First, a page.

Friday, October 24, 2014

TOP STORY >> Attorney vs. minister in Dist. 14 race

Leader senior staff writer

Lonoke City Attorney Camille Williams Bennett, a Democrat, and minister Buddy Douglas Fisher, a Republican, are seeking the Dist. 14 House seat currently held by Walls McCrary (D-Lonoke), who is term limited and now serving as Bennett’s campaign treasurer.

Fisher, 44, and his wife, Sherry, have been married for 33 years and have two grown children. He said he’d been in ministry for 30 years and is president of Buddy Fisher Ministries Inc., which he described as an evangelistic ministry in which he travels and ministers to churches, teaches seminars. “I also minister in prisons across Arkansas regularly,” he added.

“I love my state and my community. There are several issues, including many immediate financial shortfalls that are facing Arkansas. I believe I can be a conservative voice on many of these.”

Asked if he’d favor discontinuing private- option health insurance, he said, “I haven’t heard anyone say they want to take insurance away from folks or burden our hospitals. I believe the concern is in the cost of the program.”

Fisher said middle-class working families shouldn’t be burdened with more taxes to pay for a program that can sustain itself long-term.

“There is a solution for everyone. It’s just going to take putting minds together and searching hard to find it. I’m eager to be a part of those conversations.

“I am 100 percent committed to being pro-life, and I have the Arkansas Right to Life endorsement. I have an A rating and the endorsement of the NRA, and I am very committed to defending the second amendment of our Constitution and our right to bear arms.

“I am committed to our schools and believe that we should have more local control,” Fisher said. “I am endorsed by the Arkansas Education Association.”

Bennett, in addition to her job as Lonoke’s city attorney, is on the board at her church and at Scott Connections, the historic Scott Plantation settlement. She works as a volunteer for the Arkansas Heart Association and volunteers for animals rescue groups.

“I decided to run because we need some moderate, middle-of-the-road people willing to work for the district and not for themselves or any political party.”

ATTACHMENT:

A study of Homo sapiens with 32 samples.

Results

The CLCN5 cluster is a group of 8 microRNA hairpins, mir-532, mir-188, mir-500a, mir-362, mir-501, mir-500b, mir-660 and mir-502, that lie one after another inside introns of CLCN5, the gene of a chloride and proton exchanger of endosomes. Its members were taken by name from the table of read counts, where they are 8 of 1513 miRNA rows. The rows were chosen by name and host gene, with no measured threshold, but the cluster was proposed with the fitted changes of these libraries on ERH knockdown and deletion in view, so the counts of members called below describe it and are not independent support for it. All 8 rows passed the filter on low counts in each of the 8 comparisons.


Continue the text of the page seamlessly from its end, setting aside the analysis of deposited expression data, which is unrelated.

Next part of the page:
She says her varied background would make her efficient. Bennett has worked in state and local government, has been a district judge and represented businesses in her private practice. “I’ve been working since I was about 14,” she said.

As for her position on the Private Option, “as long as we have Obamacare, we have to have the private option. It’s the only opportunity to sustain local hospitals.

“Every problem facing our district seems to come back to lack of appropriate education,” Bennett said.

“We’re leaving some of our children unprepared for the workforce,” she said. “Pre-K is one of the best things we can offer.”

Bennett said 70 percent of prisoners can’t read at a fifth- grade level, nor can 70 percent of pregnant or unmarried mothers.

“Just working hard with your hands doesn’t get you much in the way of employment,” she said, noting that a person working 40 hours a week, 52 weeks a year earns about $13,600 a year. “That doesn’t get you off welfare.”

Then they have to apply for subsidies to try to make ends meet, she continued.

Bennett has worked as a national compliance director for USABLE Life Insurance Company and was appointed Lonoke District Court Judge by Gov. Mike Beebe to fill a vacancy.

She worked five years as an assistant attorney general in the Consumer Protection Division.

Prior to that, she practiced law for 13 years and was assistant to Commissioner Helen G. Corrothers on the United States Sentencing Commission.

Married to Wayne Bennett of Lonoke, the candidate says she will fight to protect Second Amendment rights.